So, did you know you could trace a downloaded document back to the source?
There may be times when you download a file and later would like to go back to the source. That happened to me recently when I filled out forms on-line and then needed to get back to the exact same spot when I found out I made a mistake. Fortunately, I had downloaded copies of the forms when I filled them out. There is an easy way to trace back to the source of documents you have downloaded.
Click on the document in question. Don’t open it up, just click on it once to highlight it. Then hit the Command key and the "i" key. That is going to open the Info dialog box.
Portion of "Get Info"
Note the "Where from:" under "More Info"
In situations where you are getting information about a downloaded document you will be able to look under the row called More Info and you will see an option called “Where from”. There you will find the exact URL from which you originally found the document.
In the example above, it shows that I downloaded this product shot of Apple's iMac from Apple's public relations site.
So, did you know you there is something you could do when your Mail app starts running slow?
If you use Apple's Mail app on your Mac and notice that it seems to have slowed down, you can try rebuilding the message index databases to see if that will help. The more email you save, the more likely rebuilding the index is likely to help if Mail is being slow. It will take a while to complete, and some messages will be unavailable while it's happening, but it is worth doing periodically.
Also note that this will help if you're seeing some attachments corrupted or seeing some messages not format properly. Once you rebuild the index, both issues should be fixed.
Here's how to do it. With the Mail app open, select the Inbox or individual folder you want to rebuild. Most users will have just an Inbox, but if you have multiple email accounts that you check, you can select an individual Inbox. By the same token, you can select any individual folder.
Once you have the right Inbox or folder selected, go to the Mailbox pulldown menu and click Rebuild at the bottom of the menu (Mailbox > Rebuild). Repeat this step for each mail account or folder as needed.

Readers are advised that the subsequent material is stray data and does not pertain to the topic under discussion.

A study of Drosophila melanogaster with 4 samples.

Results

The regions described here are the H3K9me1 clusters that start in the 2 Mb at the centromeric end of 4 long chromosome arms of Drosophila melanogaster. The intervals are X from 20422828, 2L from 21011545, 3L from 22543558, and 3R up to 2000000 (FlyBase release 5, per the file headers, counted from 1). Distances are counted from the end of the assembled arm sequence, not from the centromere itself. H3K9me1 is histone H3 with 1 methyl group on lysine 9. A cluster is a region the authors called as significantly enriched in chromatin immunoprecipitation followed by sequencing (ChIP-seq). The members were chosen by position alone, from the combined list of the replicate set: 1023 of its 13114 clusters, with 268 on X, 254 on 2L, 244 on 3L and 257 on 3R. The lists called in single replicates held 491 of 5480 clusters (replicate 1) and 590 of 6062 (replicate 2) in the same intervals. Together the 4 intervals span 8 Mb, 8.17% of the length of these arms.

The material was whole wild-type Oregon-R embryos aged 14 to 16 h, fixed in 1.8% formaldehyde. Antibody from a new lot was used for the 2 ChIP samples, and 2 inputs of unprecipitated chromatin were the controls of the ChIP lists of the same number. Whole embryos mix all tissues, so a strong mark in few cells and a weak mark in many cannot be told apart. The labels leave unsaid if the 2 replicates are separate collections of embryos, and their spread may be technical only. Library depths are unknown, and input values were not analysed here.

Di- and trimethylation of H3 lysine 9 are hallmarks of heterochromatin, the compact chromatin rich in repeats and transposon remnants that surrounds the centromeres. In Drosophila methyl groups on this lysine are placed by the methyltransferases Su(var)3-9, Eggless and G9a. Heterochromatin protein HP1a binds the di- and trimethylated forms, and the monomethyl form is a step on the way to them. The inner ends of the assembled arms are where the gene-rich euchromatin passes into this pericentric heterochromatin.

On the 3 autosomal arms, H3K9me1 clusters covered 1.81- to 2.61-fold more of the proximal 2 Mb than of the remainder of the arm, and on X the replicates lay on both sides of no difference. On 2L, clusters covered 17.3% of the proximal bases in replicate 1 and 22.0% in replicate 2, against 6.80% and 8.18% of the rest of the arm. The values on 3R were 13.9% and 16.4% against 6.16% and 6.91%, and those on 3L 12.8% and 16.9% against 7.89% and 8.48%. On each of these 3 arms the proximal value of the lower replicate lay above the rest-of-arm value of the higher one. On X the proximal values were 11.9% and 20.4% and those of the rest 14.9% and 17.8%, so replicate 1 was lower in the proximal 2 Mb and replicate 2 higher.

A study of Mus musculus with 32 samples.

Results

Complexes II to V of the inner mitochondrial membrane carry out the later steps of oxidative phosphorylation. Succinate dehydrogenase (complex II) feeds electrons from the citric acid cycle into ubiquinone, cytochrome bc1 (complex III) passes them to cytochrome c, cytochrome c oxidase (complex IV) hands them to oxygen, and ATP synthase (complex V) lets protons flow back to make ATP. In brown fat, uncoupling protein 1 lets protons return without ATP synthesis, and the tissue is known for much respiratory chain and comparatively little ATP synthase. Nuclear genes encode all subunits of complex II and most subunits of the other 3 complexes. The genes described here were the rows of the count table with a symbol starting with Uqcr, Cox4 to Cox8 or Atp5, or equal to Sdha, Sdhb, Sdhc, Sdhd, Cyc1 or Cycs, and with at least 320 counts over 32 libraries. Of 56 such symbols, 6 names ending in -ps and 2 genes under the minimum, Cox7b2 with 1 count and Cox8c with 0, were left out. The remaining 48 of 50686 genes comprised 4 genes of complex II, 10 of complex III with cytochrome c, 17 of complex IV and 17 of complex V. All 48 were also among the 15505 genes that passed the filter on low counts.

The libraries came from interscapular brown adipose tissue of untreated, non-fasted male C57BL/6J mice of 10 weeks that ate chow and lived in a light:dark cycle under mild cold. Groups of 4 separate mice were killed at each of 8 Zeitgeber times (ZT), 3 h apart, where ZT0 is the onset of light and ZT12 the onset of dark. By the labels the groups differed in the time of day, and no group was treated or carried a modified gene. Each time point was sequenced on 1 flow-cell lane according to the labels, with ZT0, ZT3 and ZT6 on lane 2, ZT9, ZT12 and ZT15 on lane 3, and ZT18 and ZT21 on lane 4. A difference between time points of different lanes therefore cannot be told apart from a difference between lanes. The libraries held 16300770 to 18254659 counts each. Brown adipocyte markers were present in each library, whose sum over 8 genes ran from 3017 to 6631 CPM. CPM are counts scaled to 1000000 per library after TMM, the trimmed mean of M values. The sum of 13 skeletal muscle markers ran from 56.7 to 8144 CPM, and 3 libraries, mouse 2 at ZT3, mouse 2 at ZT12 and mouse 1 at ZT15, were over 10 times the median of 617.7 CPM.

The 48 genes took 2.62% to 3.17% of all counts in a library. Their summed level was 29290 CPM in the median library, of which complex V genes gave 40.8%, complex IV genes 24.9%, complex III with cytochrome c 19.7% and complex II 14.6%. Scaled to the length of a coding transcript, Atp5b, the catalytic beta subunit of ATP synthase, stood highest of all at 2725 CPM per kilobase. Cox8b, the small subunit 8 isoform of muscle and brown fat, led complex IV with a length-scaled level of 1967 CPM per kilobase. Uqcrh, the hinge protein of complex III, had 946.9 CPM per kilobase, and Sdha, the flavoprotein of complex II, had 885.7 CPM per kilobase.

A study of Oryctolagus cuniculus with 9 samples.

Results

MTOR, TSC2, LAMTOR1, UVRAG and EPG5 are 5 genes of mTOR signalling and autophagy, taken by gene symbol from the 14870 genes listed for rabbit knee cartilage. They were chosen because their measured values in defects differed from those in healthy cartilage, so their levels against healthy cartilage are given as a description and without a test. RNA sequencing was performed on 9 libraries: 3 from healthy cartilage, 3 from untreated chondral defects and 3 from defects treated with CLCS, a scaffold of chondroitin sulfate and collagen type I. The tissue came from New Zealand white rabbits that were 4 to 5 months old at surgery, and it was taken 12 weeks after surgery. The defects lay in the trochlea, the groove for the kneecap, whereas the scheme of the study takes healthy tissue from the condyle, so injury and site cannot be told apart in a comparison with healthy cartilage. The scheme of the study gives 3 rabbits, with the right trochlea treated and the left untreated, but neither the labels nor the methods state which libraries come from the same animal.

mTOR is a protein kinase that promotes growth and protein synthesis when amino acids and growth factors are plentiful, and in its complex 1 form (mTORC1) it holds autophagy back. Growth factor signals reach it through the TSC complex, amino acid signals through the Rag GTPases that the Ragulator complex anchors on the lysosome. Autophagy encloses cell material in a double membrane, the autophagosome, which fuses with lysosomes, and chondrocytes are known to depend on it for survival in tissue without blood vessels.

Rebuild Mail option
You may notice a significant improvement after doing this.
So, did you know you could add real "smiley faces" to emails?
Most of us, ahem, older folks know how to make a smiley face in emails. They go like this, (-: or some version thereof. Lately though, I have gotten a few messages with “real” smiley faces like the one above. I can’t let the kids get too far ahead of me, so I set out to figure this one out.
These special images are called Emoji, Japanese Full-color emoticons, and OS X Lion and above includes default support for them (as does iOS 4 and later). They can be added to emails and some text documents (not Microsoft Word).
To use them you just need to set up the Characters tool. There are a couple of ways to do it, but if you plan to use it with any frequency the easiest way is to do this.
While in the Finder hit Shift+Command+G. A dialog will appear. When it does, type /System/Library/Input Methods and click the Go button.
Then look for the app called CharacterPalette and drag it to the Dock so it will be handy. If you don't want it on your Dock, create an alias on your desktop. When you open it, it will look like the image below (you'll have to choose "Emoji" in the left column, and then "People" in the column next to it). Note there are many, many, many more kinds of characters for you to choose, too.
Emoji in Character Palette
To add an Emoji to your email or document click on it in the character palette and drag and drop. With any luck at all, your kids will not know how to do this and you will be ahead by one point.
Note that the Emoji will not be visible to anyone using Windows or Linux systems or on Macs running pre-Lion releases of OS X.